How To Find A Good Dog GroomerSelecting a good, professional and friendly groomer is an important part of caring for your dog. Since a groomer will usually be alone with your favorite pet it is important to make sure that they treat your animal well, notify you of any problems, as well as understand how to care for an clip your particular breed of dog.
There are several ways to find a good groomer and one of the most obvious is to talk to other dog owners that you see as you are out and about with your pet. Dog owners in general tend to be very willing to give recommendations as well as warnings about good and bad experiences they may have had with groomers in your area. If you see a dog that looks just like you want your dog or has just the clip that you have pictured for your dog be sure to speak with the owner and find out what groomer they use.
Some groomers work specifically on various types of dogs such as small, toy or large breeds. Many groomers are only set up to handle small dogs and do not work on large or giant breeds. Be sure to talk to the groomer in advance if you dog has any special needs or requirements.
Groomers have usually completed some sort of formal training and will not be offended if you ask for their credentials and some references from their customers. Most groomers will have this information already included in their brochure or advertising literature. Consider going to the facility by yourself before the first appointment and asking to watch them work with a dog. They may allow this or may not, but most groomers understand an owner's concerns and will do their best to work with the owner to ensure satisfaction.
Many groomers have affiliations with various breeders and organizations. A good, professional groomer will also assist you in selecting a clip or cut that is suitable for your dog and is appropriate for the show ring if this is a consideration. If the groomer is unfamiliar with the show requirements be sure to bring in exact pictures of what is allowable and what is not to avoid any confusion or misunderstanding regarding a cut or clip.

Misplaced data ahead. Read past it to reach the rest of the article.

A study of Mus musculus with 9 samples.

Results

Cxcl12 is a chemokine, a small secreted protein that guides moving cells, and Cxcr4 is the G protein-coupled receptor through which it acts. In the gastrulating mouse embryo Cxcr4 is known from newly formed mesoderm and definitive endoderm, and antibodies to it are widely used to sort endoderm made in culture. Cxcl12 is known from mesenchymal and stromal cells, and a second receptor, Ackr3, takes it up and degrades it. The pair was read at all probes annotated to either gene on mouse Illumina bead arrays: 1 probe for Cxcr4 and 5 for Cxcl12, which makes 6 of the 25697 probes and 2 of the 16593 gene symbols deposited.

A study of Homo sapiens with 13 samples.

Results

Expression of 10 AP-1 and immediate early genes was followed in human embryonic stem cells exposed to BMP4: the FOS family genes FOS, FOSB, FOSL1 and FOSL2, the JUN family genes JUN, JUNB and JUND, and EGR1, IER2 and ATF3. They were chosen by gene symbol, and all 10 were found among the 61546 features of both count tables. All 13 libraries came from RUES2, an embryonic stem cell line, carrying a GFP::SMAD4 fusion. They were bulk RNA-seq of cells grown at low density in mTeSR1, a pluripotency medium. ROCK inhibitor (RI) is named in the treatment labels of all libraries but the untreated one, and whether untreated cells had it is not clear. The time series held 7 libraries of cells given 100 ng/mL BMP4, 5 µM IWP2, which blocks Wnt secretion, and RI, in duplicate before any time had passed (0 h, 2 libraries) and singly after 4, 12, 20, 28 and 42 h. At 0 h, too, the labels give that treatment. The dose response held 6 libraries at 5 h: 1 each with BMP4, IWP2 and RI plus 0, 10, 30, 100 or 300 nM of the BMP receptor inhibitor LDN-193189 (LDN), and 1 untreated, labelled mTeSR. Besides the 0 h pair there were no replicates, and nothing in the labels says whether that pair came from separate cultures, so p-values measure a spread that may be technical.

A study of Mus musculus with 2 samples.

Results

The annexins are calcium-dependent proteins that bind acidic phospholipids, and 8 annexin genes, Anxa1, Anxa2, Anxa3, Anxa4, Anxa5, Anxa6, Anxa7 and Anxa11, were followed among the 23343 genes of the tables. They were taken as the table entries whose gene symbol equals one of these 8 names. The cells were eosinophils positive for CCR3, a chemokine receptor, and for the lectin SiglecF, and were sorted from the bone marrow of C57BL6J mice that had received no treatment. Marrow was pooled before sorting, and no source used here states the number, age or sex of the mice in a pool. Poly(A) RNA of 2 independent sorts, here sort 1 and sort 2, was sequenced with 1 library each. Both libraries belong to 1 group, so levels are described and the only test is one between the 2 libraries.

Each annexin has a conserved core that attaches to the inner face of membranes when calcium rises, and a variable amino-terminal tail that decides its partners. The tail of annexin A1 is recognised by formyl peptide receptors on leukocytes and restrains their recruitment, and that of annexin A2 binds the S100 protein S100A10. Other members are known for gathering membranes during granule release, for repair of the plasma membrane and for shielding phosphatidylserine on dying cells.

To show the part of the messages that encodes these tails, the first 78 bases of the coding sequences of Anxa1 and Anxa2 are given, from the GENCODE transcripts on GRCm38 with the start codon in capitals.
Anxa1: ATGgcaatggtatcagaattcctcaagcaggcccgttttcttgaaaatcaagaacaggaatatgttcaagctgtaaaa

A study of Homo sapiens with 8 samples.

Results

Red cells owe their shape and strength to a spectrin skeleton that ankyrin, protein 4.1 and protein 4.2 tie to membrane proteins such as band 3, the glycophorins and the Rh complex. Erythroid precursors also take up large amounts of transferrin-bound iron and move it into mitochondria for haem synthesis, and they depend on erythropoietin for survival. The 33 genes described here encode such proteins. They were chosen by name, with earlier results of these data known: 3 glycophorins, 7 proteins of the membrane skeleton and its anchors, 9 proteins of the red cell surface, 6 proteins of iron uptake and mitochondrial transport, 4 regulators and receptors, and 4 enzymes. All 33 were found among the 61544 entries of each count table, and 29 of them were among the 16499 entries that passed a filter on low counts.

In addition to just washing, clipping and grooming your dog the groomer will also condition the coat, clip the nails, clean the ears and empty the anal glands. If you don't want any of these grooming services provided be sure to talk to the groomer in advance.
For those dogs that are nervous, timid or aggressive it is very important to discuss their temperament with the groomer prior to the first appointment. Most groomers will take dog-aggressive dogs only very early or as the last appointments in the day to avoid any possible complication in the waiting room or grooming salon. If you have a dog that has had a negative experience at another groomers or that snaps or tends to bite be sure to let the groomer know so he or she can take the appropriate precautions. Notify the groomer if the dog has any known allergies or is prone to skin rashes, hotspots, or dry skin conditions. If you have specialized products that you use with your dog you should make the groomer aware so they can have the same products on hand when the dog arrives for his or her first appointment.